Anurag Minus Verma: nothing is sacred for the author, podcaster and multimedia artist

The artist’s podcasts are authentic and educational, yet wonderfully conversational

Updated - June 12, 2023 05:22 pm IST

Published - June 08, 2023 01:02 pm IST

Anurag Minus Verma

Anurag Minus Verma | Photo Credit: Special Arrangement

When author, podcaster and multimedia artist Anurag Minus Verma recently visited Ashoka University, founded in 2014, he was struck by the contrast in the trajectory of this elite institution with his alma mater Jawaharlal Nehru University (JNU). Even as funding is squeezed out of the older, leading university, its buildings increasingly dilapidated, and propaganda film The Kerala Story blithely screened on the campus of the once liberal bastion, the newer Ashoka in Sonipat, Haryana, where corporate sponsorship is visible everywhere, seemed to Anurag “more Harvard than Harvard”. The 34-year-old was inspired to make one of his popular YouTube ‘Soubhagya Diaries’ on the visit. The name is inspired by the way the diaries begin: “Last Sunday, I had the good fortune/ honour to…”


Dark room

In the age of content fatigue, Anurag is that rare commentator who combines gravitas with razor-sharp satire, empathy and experimental audiovisual technique. His video art was recently screened at the Kiran Nadar Museum of Art, followed by a conversation with screenwriter Varun Grover. In his edits, Anurag nonchalantly mixes filmmaker Terrence Malick with DJ Bally Sagoo. “I like breaking these definitions of purity. The Brahminical idea is broken in the form itself, without saying anything at all,” he says. So in his work, influences from French new wave cinema rest cheek-to-cheek with local Rajasthani techno music, Albert Camus alongside Rakhi Sawant. He believes it’s okay to experiment with colouring Satyajit Ray’s films. Nothing is sacred here — except maybe the work rituals he follows.

Anurag wears sunglasses all the time, even at night. “There are certain things that keep you in the mood. I remain in the zone, the outside world slips away,” he says, adding that he might also listen to one song on loop 50-60 times or light agarbattis as he works. “I feel safe with the glasses.” Some day he might give them up like he did his early online anonymity.

He grew up in towns across Rajasthan, moving 12 schools as his dad, a construction worker who later joined government service, was transferred on work. The result was a “confusing, weird” childhood with few friends. “There’s no archive of my childhood as most of the archive is saved by your friends,” he says. His speech is strewn with such observations and his art showcases them. “My wandering mind has stayed,” he adds. He still feels more comfortable leaving a place than settling in one.

Big city lights

Like most lost souls, he opted for engineering until one teacher gave him a label he hadn’t previously associated with himself: creative. “That was a defining moment in my life. I was totally confused about my own existence,” he says. “For many days after, I felt like a creative person and then wondered, now what do you do with creativity?” He went to film school and immersed himself in world cinema and existential philosophy. His influences range from Jean-Luc Godard and Andy Warhol to Jim Jarmusch, Aki Kaurismäki, and closer home, Amit Dutta. When he first attended a class to learn English they read mostly Chetan Bhagat. “It reduces the anxiety of picking up a book,” he says. “My dream was to become part of a big city culture.” In 2010, his first big city experience was working at a call centre. His politics flourished when he did a Masters in art and aesthetics at JNU. “That’s when my caste articulation developed,” he says.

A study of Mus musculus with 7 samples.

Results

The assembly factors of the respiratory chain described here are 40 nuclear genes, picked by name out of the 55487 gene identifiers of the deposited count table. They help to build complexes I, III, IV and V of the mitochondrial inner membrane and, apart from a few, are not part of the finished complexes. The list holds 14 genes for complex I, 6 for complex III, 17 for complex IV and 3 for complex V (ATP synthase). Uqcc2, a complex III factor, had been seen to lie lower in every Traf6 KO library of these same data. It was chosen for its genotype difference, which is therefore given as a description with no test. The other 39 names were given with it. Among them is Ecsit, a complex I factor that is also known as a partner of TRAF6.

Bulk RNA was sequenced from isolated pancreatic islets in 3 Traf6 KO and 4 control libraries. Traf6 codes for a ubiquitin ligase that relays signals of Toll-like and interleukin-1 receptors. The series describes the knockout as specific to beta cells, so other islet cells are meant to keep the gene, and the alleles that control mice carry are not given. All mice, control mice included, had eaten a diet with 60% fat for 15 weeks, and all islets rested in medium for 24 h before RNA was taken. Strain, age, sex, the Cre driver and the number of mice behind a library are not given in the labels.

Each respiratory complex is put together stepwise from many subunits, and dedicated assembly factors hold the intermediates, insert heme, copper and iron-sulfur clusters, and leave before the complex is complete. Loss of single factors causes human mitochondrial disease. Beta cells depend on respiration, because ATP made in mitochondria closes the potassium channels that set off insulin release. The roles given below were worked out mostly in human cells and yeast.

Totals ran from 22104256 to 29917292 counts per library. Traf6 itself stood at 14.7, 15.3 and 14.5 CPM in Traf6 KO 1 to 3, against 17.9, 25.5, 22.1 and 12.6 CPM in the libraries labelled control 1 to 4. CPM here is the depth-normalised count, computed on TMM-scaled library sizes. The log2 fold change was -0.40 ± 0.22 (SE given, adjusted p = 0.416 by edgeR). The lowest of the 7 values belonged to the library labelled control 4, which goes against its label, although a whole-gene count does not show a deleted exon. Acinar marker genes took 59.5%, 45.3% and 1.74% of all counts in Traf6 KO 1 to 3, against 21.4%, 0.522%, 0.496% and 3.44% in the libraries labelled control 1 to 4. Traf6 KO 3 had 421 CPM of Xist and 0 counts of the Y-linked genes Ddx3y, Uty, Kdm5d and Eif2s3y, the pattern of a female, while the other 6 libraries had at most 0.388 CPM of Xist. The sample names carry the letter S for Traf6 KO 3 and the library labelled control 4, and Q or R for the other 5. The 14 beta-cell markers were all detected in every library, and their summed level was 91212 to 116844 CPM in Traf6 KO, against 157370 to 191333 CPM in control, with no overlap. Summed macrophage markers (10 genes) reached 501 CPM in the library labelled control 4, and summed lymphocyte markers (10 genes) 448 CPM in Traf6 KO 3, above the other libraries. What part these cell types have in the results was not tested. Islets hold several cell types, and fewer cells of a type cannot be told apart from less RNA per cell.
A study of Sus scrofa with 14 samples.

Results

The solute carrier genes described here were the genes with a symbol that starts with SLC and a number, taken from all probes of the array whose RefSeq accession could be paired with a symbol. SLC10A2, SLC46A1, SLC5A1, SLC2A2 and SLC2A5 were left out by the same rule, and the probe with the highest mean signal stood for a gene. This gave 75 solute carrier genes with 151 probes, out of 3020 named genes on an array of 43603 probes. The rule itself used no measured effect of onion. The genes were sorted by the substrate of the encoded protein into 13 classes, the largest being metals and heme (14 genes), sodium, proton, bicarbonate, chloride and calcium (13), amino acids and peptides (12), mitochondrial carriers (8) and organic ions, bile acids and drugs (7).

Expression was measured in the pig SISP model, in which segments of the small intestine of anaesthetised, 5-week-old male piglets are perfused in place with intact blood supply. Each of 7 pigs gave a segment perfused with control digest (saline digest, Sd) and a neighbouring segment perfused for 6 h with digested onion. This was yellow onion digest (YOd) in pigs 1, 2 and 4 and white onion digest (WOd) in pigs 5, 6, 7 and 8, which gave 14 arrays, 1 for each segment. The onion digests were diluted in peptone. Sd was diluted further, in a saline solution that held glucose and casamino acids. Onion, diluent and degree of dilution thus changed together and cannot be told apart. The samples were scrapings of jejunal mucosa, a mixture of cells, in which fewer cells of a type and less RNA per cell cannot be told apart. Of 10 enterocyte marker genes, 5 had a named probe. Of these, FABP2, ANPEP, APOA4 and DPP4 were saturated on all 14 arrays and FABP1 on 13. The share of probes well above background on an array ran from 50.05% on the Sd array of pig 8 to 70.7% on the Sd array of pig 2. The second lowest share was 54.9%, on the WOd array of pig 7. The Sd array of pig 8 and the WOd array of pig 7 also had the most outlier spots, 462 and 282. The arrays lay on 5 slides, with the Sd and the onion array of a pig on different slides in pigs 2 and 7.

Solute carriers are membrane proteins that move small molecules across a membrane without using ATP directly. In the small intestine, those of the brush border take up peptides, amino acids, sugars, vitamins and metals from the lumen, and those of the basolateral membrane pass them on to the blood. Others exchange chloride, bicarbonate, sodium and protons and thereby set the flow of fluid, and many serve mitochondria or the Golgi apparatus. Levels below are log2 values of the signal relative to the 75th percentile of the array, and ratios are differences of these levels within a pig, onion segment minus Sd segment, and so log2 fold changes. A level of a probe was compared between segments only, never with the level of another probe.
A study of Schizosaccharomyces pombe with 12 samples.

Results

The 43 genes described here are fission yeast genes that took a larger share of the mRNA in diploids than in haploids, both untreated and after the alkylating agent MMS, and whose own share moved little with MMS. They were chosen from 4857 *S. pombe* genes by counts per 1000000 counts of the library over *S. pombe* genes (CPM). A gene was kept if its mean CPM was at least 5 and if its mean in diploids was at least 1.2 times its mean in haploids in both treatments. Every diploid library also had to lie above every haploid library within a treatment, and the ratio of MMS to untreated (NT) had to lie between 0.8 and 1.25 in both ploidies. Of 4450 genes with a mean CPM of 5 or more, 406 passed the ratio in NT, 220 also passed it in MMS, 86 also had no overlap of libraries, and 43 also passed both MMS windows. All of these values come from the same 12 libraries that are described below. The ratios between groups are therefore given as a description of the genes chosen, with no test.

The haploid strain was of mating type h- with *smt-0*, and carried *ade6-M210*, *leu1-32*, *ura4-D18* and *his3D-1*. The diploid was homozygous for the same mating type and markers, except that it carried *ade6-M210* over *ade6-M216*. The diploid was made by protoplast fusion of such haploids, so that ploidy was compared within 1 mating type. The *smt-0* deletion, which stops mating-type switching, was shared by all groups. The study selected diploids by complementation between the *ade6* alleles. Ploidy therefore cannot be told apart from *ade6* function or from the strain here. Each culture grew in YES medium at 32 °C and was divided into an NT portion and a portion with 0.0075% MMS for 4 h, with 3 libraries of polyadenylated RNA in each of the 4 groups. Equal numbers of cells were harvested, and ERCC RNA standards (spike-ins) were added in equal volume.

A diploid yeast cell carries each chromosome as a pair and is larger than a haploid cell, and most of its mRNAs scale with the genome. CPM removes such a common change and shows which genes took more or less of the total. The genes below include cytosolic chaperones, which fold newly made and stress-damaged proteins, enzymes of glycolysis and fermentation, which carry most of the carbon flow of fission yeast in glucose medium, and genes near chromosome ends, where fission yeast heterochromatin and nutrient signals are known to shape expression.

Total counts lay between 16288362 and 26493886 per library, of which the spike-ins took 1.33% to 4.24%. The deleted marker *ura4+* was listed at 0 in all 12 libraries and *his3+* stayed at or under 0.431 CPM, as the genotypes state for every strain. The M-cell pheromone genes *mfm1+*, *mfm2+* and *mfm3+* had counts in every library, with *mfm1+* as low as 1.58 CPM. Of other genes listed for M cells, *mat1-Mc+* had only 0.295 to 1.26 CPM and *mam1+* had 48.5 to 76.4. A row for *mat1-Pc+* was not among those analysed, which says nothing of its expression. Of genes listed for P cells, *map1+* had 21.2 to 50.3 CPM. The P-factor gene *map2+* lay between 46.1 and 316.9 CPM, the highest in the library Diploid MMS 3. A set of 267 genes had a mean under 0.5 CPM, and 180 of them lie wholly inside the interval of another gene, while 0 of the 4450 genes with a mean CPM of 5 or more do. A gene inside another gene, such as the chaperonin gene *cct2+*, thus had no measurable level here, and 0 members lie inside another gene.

When he first told his father that he wanted to pursue a creative path rather than a government job, he expected anger and drama. “I wrote the script of rebellion and resistance with my parents,” he says, outlining the chain of events he thought would happen next. Instead his father replied ‘okay’ and “robbed me of my rebellion,” Anurag says. “They gave me space to fail many times. In art you can’t create anything without failing multiple times. I had that privilege.”

During the pandemic, he began posting funny videos and ‘Saubhagya Diaries’ online and both were a hit. In 2020, he also started a podcast that spotlighted anti-caste voices you don’t usually encounter in the mainstream. The interactions in these podcasts are authentic and educational, yet wonderfully conversational. Anurag’s gently probing podcast with social worker and former RSS member Bhanwar Meghwanshi on caste in Rajasthan is a must-listen.

It was during this time that Anurag, who had spent nearly seven years working on short films and documentaries in Mumbai (writing two self-published books of short stories and poems ‘Love In The Time of Pokemon’ and ‘I Love You But Only On Weekends’) suddenly found renewed purpose. Or as he puts it: “I got a line to walk.”

When he travelled to the U.S. last year for a conference, he was surprised to find that in every city, there was someone who wanted to host him. “I spent a major part of my life in extreme loneliness,” he says. Writing was his therapy. “That saved me. I was communicating with myself via my art,” he says, describing the plot of a story about a lonely man in Delhi. “There is someone selling everything to foreigners. This man goes up to them and says do you want talk? I can give you talk for free, please talk sir.” Now, everyone wants to listen to Anurag talk.

Priya Ramani is a Bengaluru-based journalist and the co-founder of India Love Project on Instagram.